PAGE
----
Resilience: Finding the Good in the Bad – Lessons from a Pickleball Fall

by | Dec 4, 2022 | 0 comments

As I am reflecting on my year-end questions and Question #1 is prompting me to think about the good of the year that we are soon to complete. Question #2 is also getting me to think about some of the tough stuff of 2022. You know the the stuff that kinda sucked:(.

We all get the full deal. We get some good. And we can get some bad. That is life.

But what if you can get more good, even from the bad. It doesn’t always work that way. Not every bad situation has a silver lining or a grand purpose. But it sometimes it does. And I know that it can be helpful to be aware of any good that comes – especially in the tough situations. It builds resilience. Keeps us hopeful. Helps us heal.

Which brings me to one of my favorite questions: “What’s good in this bad?”

This past summer, I found myself living in this question. I took a bad fall during a pickleball game (yes, I know, pickleball accidents made big news this year). I broke my wrist. According to the surgeon, I broke it really bad.

This sucked. It hurt. And I couldn’t do a thing about it. Especially in the early weeks. I couldn’t even lift a Kleenex, never mind all the other daily functions we take for granted.

But my instinct to be aware of what was good did kick in quickly.  For instance, despite the bad situation…

  • I was utterly blessed that my hospital visit on the afternoon of the fall was expedient and I was taken care of so quickly – with a temporary cast. The speed and care seemed especially good given the times we live in with healthcare woes.
  • Within a day of the break, I got a call from the surgery clinic; was assigned a surgeon and had the surgery literally within two days of my fall.
  • My surgeon was unbelievably amazing (‘good’ doesn’t even describe him). Not only did he do a great job (yay and phew) he also took the time to phone me when I emailed a question about the  post-surgery protocols. Again, unheard of to get a phone call from a surgeon, eh?
  • I had an immediate swarm of loving, helpful friends. colleagues, neighbors come to the rescue. They brought food, helped me prep stuff so I could eat without having to use my broken hand. I felt cared for and loved. That has healing power!
  • Other than some initial rest, I was able to work (remotely) and serve my clients and keep things going.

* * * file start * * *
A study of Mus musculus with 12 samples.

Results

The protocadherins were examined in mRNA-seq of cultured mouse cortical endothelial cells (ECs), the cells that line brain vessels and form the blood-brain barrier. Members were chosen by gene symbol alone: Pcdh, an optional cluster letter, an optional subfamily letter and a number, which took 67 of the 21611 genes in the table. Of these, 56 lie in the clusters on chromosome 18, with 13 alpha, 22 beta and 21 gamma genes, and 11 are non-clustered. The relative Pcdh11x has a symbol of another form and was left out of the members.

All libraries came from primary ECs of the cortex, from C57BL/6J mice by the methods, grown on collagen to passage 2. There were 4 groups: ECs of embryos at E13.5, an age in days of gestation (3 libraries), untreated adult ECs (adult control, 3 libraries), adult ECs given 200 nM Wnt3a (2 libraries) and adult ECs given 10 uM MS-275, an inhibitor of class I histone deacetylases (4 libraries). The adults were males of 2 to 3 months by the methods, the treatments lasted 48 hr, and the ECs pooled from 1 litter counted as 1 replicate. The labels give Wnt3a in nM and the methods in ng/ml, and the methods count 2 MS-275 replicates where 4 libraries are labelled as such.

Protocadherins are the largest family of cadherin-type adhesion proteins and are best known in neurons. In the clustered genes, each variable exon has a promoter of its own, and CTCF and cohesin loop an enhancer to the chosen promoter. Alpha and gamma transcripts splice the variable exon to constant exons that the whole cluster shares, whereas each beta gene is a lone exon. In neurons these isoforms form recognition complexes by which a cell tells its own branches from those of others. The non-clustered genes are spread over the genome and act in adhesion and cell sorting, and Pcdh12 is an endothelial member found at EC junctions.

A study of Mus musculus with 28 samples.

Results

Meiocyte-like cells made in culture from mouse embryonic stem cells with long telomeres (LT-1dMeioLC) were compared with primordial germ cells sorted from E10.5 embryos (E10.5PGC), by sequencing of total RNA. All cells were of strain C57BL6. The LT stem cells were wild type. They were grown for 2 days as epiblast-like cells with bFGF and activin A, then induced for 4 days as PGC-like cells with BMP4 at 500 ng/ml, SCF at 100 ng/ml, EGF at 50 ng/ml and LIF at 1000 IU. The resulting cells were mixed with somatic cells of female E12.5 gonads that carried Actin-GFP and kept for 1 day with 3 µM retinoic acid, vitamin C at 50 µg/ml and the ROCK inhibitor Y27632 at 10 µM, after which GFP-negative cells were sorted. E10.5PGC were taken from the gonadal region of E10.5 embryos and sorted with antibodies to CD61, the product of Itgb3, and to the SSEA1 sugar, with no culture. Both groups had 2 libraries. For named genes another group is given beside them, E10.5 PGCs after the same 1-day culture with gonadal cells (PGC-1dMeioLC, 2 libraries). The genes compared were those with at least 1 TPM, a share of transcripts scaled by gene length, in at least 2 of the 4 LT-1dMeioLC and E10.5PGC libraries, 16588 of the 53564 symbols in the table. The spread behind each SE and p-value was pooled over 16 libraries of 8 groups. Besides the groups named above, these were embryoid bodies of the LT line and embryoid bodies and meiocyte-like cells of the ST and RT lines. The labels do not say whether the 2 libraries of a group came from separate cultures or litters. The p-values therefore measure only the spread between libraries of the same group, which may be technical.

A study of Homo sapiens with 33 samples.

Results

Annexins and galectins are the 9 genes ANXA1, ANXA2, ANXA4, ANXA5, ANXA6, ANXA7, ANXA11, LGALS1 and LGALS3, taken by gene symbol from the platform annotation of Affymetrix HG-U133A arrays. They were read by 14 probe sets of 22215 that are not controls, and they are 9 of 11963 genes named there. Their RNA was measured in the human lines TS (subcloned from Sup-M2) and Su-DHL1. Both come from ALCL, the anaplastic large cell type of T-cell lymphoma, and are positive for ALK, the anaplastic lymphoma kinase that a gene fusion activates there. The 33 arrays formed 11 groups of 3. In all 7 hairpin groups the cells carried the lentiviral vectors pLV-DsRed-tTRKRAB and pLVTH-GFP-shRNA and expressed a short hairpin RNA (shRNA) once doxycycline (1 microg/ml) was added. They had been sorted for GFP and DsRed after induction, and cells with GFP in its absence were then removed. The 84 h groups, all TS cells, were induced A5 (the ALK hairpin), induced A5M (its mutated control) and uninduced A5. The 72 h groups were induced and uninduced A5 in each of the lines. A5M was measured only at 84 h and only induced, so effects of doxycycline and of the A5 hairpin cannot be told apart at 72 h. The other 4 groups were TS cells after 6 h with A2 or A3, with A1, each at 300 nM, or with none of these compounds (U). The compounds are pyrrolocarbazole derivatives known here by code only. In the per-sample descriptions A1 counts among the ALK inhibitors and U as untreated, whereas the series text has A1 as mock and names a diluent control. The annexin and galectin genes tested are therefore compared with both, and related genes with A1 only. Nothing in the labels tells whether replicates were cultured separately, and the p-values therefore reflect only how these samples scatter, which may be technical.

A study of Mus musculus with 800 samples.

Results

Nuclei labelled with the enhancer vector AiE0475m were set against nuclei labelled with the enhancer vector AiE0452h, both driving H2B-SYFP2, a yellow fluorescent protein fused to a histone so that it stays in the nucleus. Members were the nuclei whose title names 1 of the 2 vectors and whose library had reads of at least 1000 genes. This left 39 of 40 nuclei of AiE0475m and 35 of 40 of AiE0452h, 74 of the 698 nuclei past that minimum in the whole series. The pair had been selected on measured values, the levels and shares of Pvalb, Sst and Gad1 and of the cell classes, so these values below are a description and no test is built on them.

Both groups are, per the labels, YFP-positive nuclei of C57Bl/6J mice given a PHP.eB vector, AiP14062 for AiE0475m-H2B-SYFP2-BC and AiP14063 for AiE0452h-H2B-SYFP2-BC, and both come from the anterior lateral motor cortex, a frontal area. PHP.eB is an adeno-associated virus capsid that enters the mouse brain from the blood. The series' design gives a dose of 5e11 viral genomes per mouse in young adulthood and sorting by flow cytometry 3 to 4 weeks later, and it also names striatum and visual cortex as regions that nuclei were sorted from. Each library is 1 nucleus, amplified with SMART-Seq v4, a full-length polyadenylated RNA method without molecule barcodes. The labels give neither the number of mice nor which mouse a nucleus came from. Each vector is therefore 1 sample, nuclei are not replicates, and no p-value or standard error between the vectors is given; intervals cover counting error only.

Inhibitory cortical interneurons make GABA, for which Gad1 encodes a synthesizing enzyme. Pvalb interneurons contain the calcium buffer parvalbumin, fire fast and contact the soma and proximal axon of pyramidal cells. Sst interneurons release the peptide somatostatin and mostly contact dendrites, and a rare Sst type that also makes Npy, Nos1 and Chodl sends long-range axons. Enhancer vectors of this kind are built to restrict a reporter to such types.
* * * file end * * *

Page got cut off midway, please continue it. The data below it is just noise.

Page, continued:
There’s more!

  • I discovered new ways I could be resourceful. For instance, did you know that your thighs can be fantastic jar openers when you can’t use your hands!? Your teeth too, but you have to be more careful with those. Lol…
  • I made some good decisions with respect to the physiotherapist I chose. My physio was (still is) utterly amazing. I am also thinking I made the smart move (good on me!:) to commit fully to the physio right off the bat even though it meant ubering twice a week (eventually less). AND never missed a day of doing my home exercises — all of which contributed to an accelerated healing — surprising myself, my physio, and even my surgeon.

There’s more!

And yes, there is lots more good to share within this ‘bad situation’.  My point is that my journey to healing could have really sucked, but I did not focus on that. Instead, I chose to pay attention to what was good (in the bad) the whole way through. I believe (and so does my physio) that this really helped my healing.

At the time of writing this, I am about 3 months past the accident. I am way ahead of the healing markers. Apparently, I still have months to go but I am fairly (I’d say almost fully) functional right now. I am driving again; going to yoga and doing lots of gym stuff; cooking; and typing – lots! I had trouble with this for a while (pain) but now so much better.

This is resilience. 

I’m celebrating my resilience now and I am counting my blessings. Resilience will continue to be the fuel of the future.  We all have it.  I guess the trick is to try to remember to tap into it when we are tested. I hope I’m not tested with something bad again for a while. But at least, as I continue to heal (and I’d say flourish), at least I know I can count on good things even in the bad.

Transferable Lesson?

This is a personal story but the morals of the story are:

  • Tough stuff is easier to handle when we are open to noticing and receiving the good
  • Good things come to us — sometimes in surprising ways
  • Staying hopeful and present is often better than worrying about what may or may not happen in the future (when things can’t be known for sure)
  • Running backwards with a pickle ball paddle and arm outstretched back when I’m very tired is maybe not a great thing for me to make a habit of :).

So how about you? What are you noticing that is good from the year past? AND where can you find more good from the ‘not good’ moments and experiences of the year behind?

P.S. This year’s “12 Questions” article are now posted. You can hop over to this year’s version.

They were also published in my Globe and Mail column. See here (if you are a Globe subscriber): 12 career questions to reflect on to set you up for a successful 2023 – The Globe and Mail .



Eileen Chadnick PCC, of Big Cheese Coaching, works with leaders (emerging to experienced), and organizations, on navigating, leading and flourishing in times of flux, opportunity and challenge. She is the author of Ease, Manage Overwhelm in Times of Crazy Busy.